Published by Herald Press on July 20, 2021
Genres: Non-Fiction, Christian Life
Jesus called us to love our enemies. But to befriend an enemy, we first have to acknowledge their existence, understand who they are, and recognize the ways they are acting in opposition to God’s good news. In How to Have an Enemy: Righteous Anger and the Work of Peace, Melissa Florer-Bixler looks closely at what the Bible says about enemies—who they are, what they do, and how Jesus and his followers responded to them. The result is a theology that allows us to name our enemies as a form of truth-telling about ourselves, our communities, and the histories in which our lives are embedded. Only then can we grapple with the power of the acts of destruction carried out by our enemies, and invite them to lay down their enmity, opening a path for healing, reconciliation, and unity. Jesus named and confronted his enemies as an essential part to loving them. In this provocative book, Florer-Bixler calls us to do the same.
There is a misconception that practicing non-violence means being a doormat and letting people walk all over you. Along with that is the misconception that pacifists preach a utopist Gospel that sees everyone as a friend. Neither of these are true and Melissa Florer-Bixler makes that point well in How to Have an Enemy: Righteous Anger and the Work of Peace. The question isn’t whether or no we have enemies, but who our enemies are and how they should be treated.
Florer-Bixler begins by recounting the story of the Christmas Truce in WWI. For the uninitiated, the Christmas Truce is a real event where opposing forces in WWI laid down their weapons to play football (soccer) and sing Christmas carols. Look at how these enemies became friends! But, as Florer-Bixler notes, they picked up arms the next day and returned to war. She then compares this to a church that participated in a communion service on Election Day in America. No matter political leanings or preferred candidates, Christians then came together to be united in Christ. Which sounds good, and it all well-intended. But, she writes, “It turns out this kind of unity—the kind that was achieved in ritual but not replicated in life—was a myth.” Unity is more complicated than that. Indeed, superficial unity usually only serves those in power.
It’s a bold and paradigm-shifting introduction to readers hoping for easy answers or hoping for vindication in righteous anger. She holds the values in tension, rightly noting that a superficial unity is no unity while calling believers to do the hard work of righteous opposition. Love your enemy, after all. As How to Have an Enemy unfolds, Florer-Bixler combines historical anecdotes with contemporary stories. She brings her theories into practicality, writing about division in the evangelical church over issues of healthcare, government, and social justice. She writes from a Mennonite perspective, commonly called the left wing of the Reformation, a group that’s theologically evangelical but not the kind that you see dominating Republican politics. As such, her words about how to handle division and dissention within your own “tribe” are quite important.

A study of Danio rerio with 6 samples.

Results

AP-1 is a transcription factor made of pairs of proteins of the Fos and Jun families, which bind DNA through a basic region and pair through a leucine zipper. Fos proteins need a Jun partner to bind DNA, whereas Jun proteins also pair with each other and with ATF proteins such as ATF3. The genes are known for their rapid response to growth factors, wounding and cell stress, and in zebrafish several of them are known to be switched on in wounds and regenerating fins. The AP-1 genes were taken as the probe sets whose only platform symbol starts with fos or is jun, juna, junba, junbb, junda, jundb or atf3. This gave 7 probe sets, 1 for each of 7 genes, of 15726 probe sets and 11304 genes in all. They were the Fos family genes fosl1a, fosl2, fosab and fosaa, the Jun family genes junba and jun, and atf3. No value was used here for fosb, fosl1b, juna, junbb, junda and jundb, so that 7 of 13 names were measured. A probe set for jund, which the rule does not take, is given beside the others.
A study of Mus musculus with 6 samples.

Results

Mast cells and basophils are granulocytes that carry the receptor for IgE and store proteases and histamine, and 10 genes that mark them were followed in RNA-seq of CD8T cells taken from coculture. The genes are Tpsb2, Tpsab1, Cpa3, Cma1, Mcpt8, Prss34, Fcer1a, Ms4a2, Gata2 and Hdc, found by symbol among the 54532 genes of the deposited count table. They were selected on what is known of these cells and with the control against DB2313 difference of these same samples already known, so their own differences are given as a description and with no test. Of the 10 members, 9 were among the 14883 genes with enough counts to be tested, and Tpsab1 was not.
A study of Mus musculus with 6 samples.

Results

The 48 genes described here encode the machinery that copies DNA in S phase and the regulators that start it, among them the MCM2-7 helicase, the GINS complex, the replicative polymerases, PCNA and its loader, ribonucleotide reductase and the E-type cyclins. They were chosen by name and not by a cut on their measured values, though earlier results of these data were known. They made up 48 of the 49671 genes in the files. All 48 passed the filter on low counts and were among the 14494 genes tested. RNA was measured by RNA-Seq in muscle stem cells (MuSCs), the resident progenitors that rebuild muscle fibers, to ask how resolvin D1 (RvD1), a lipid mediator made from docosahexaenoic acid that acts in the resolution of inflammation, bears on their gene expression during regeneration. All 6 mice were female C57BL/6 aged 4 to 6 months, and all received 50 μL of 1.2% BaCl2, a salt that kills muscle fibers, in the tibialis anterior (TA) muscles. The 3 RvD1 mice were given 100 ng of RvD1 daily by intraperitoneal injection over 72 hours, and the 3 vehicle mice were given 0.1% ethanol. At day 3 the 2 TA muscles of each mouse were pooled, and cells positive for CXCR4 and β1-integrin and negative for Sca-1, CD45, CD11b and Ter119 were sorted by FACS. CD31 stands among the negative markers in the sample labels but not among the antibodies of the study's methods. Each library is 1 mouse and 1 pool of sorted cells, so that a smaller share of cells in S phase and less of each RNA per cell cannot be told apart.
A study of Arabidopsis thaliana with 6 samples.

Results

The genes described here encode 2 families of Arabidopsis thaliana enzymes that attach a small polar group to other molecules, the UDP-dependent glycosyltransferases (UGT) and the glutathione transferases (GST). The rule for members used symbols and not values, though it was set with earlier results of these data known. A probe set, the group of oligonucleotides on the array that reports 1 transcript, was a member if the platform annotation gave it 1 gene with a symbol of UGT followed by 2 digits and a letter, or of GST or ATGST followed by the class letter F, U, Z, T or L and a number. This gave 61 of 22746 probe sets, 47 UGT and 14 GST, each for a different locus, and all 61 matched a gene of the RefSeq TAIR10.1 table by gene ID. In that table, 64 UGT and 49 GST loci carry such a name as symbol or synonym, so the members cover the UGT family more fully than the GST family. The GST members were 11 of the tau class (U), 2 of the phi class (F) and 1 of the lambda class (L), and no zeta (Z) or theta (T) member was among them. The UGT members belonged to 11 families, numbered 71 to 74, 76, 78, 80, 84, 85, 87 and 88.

Her chapter on “undoing family” is probably the most powerful and contentious that follows that theme of opposing those like you. It’s so important because I’m seeing so many young people be divided from their families and their evangelical upbringings because of their desire to advocate for equality. And yet, “family values” and “the nuclear family” have long been a foundational part of a lot of Christianity. How to Have an Enemy reminds us that following Jesus can undo our closest relationships as we rearrange our priorities to put him first. Jesus is calling people to a new family: “He calls us out of systems of primary loyalty to our kin and binds us to those to whom we have no natural relation and from whom we can extract no economic benefit.” Being a part of God’s kingdom not only challenges ideas about who our enemies are, but who our friends are as well.
How to Have an Enemy is a powerful, convicting book tackling important issues ranging from LGBTQ+ rights to racial reconciliation to economic justice. She moves our idea of “enemy” away from individuals to systems. She calls for us to love those who are our enemies and uphold unjust systems. She asks us to have enemies as Christ would have them: to call them out with prophetic boldness but also pray fervently for their inclusion in the Kingdom. This is a needed message in a world that is weary of fight. Whether it’s COVID, racial justice, or political leanings, the conversation from both sides has become hateful and vitriolic. Florer-Bixler calls us to do better, to be angry in Christlike fashion, and do the hard work to bring peace.